As the ink dried on Oracle’s purchase of Sun Microsystems, many eyes turned from Silicon Valley to Armonk, N.Y. How would IBM react to Oracle’s acquisition of not only data-center hardware that competed against Big Blue’s big iron, but also to Oracle’s control over Java? Indeed, with hardware, software and services all in one place, Oracle began looking like IBM’s biggest problem, and toughest competitor. Few observers expected the companies to work well together.
To our surprise, the companies haven’t gone to war against each other. In fact, it would appear that IBM and Oracle are about to get into the Java bed together.
Looking over all of the ephemera of the announcement yields some interesting clues as to why this happened. In 2007, Oracle and BEA presented and passed a Java Community Process resolution that would have turned Sun’s tightly controlled governance body into an independent organization. Three years later, that resolution has been completely ignored. And yet, it would also seem to be an important part of the latest Oracle/IBM agreement around the OpenJDK.
IBM needs an independent JCP in order to continue supporting Java. Oracle wants buy-in from all of the major Java influencers, such as IBM. By collaborating around the OpenJDK and the JCP, both powerhouses get what they want. It’s always nice to see two heavyweight companies coming together to make development easier for both of their users.
A rising tide of Java lifts all boats, and after a seemingly endless time of benign neglect, perhaps Java is about to reemerge as a leading platform. With this announcement of collaboration and of the reinvigoration of the JCP, there aren’t many questions left in the Java world. And this is the first time in two years that’s been the case.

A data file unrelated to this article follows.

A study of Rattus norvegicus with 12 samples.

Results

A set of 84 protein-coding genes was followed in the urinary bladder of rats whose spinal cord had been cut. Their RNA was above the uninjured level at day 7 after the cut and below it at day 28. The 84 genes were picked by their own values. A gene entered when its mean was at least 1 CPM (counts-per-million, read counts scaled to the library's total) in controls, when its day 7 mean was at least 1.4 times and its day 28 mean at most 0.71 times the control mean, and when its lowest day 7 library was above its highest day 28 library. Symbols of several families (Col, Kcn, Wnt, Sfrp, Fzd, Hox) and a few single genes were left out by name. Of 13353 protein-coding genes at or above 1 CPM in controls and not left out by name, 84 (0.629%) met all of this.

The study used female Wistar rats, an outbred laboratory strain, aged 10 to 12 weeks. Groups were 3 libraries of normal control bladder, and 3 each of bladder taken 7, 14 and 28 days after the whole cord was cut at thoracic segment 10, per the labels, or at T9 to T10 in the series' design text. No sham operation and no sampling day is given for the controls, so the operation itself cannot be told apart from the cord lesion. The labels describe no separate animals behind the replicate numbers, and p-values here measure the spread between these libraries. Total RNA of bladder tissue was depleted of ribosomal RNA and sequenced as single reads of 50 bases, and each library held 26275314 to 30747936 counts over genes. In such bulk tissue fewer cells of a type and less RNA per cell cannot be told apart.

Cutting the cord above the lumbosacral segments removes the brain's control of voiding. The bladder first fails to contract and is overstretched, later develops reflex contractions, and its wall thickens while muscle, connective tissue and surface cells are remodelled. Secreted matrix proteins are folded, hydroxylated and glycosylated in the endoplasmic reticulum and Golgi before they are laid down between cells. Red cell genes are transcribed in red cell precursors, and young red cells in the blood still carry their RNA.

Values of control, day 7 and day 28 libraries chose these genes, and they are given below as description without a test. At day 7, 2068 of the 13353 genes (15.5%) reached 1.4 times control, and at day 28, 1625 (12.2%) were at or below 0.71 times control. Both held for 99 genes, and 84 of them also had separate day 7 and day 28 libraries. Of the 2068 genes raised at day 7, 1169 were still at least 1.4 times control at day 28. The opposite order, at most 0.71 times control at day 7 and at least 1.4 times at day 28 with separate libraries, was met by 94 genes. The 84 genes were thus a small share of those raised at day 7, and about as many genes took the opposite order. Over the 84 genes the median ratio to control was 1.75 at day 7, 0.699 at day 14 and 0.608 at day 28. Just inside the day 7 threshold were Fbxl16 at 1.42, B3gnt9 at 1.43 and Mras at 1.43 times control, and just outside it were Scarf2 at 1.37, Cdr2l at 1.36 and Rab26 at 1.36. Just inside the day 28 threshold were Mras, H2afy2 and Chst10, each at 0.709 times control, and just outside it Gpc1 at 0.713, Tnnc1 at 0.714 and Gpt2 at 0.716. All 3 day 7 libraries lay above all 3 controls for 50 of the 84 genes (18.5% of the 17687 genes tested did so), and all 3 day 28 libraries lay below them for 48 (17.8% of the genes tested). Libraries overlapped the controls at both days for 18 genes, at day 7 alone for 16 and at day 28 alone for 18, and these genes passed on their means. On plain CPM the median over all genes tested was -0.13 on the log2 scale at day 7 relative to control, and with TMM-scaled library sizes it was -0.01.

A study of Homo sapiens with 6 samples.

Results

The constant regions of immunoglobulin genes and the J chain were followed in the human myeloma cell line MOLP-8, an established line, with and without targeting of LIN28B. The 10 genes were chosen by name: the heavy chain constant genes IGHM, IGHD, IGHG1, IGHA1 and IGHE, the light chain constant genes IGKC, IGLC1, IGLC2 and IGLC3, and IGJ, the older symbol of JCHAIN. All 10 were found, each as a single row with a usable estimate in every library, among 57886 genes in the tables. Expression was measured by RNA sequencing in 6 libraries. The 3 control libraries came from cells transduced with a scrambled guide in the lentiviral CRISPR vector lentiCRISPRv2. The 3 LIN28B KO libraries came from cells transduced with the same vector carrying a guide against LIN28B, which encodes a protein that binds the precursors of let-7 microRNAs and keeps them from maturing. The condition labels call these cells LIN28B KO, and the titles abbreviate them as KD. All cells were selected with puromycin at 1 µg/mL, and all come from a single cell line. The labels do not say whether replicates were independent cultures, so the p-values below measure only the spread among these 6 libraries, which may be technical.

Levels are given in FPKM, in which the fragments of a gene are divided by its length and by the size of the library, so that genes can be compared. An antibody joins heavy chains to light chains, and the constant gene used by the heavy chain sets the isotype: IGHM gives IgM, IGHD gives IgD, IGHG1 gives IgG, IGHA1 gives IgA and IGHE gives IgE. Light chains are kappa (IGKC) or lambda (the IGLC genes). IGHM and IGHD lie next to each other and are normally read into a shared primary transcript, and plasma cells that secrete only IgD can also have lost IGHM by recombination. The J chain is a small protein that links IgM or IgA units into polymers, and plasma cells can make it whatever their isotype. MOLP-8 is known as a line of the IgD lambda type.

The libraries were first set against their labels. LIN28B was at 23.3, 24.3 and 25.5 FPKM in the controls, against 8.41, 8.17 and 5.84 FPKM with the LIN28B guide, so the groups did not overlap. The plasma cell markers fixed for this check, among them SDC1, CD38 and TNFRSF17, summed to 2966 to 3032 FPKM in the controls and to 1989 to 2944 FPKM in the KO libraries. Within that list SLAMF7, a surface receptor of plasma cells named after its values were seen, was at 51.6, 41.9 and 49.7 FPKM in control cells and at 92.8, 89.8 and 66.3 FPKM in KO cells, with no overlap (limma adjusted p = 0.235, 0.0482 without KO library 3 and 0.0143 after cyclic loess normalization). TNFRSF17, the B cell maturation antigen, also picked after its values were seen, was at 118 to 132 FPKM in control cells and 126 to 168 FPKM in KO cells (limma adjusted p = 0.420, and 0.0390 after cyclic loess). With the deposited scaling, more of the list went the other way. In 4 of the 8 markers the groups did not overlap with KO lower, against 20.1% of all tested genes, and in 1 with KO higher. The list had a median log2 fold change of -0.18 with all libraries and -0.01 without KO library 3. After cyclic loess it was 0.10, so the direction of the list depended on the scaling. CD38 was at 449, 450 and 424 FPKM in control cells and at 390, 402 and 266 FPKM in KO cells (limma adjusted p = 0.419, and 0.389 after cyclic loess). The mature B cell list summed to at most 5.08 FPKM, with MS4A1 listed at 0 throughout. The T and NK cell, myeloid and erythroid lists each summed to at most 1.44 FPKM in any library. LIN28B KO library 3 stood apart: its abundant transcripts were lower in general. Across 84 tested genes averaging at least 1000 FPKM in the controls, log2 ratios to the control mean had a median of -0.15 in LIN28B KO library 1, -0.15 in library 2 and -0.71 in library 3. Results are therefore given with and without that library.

It’s not too late for Windows Phone
Microsoft’s announcement last month of the Windows Phone 7 release might at first blush be seen as “too little too late.” Certainly, this opinion was expressed by one of the members of SD Times’ editorial board during a recent meeting.
There’s no doubting that Apple’s iPhone and Google’s Android devices have raced out to a big early lead, with mature “app stores” that have attracted many independent developers as well as enterprise shops looking to move their applications to smartphones. But don’t ever count Microsoft out when it comes to building a developer community around its software. That’s what Microsoft does.
While Apple holds its cards close to the vest, even to developers using its platform, Microsoft actively embraces and empowers developers using its tools and writing to its platforms. Its developer support, with “Patterns and Practices,” blogs and MSDN, is unsurpassed in the industry—much stronger than Apple’s programs for iOS developers and Google’s support for Android. Microsoft’s efforts around Windows Phone 7 will be no different.
As SD Times editorial director Alan Zeichick pointed out in that editorial meeting, “Microsoft plays the long game. It’s not about the quick score.” Add to this Microsoft’s discussions with Adobe, which could result in a better rich-application experience on its devices if Flash and Silverlight efforts come together, or if Microsoft creates converters for both on its phones.
Let’s not forget that the folks in Redmond are sitting on a mountain of cash, looking for the right investments when the economy begins to show signs of life again. With cell phone application revenues expected to reach US$30 billion by 2013, and mobile application development to grow past development on all other platforms by 2015 (according to IBM survey figures reported in this issue), Microsoft would be foolish not to go strongly into this market. No question, Microsoft will be a strong player in the mobile market, even if it takes years and more false starts (this is, after all, Windows Phone 7). No question at all.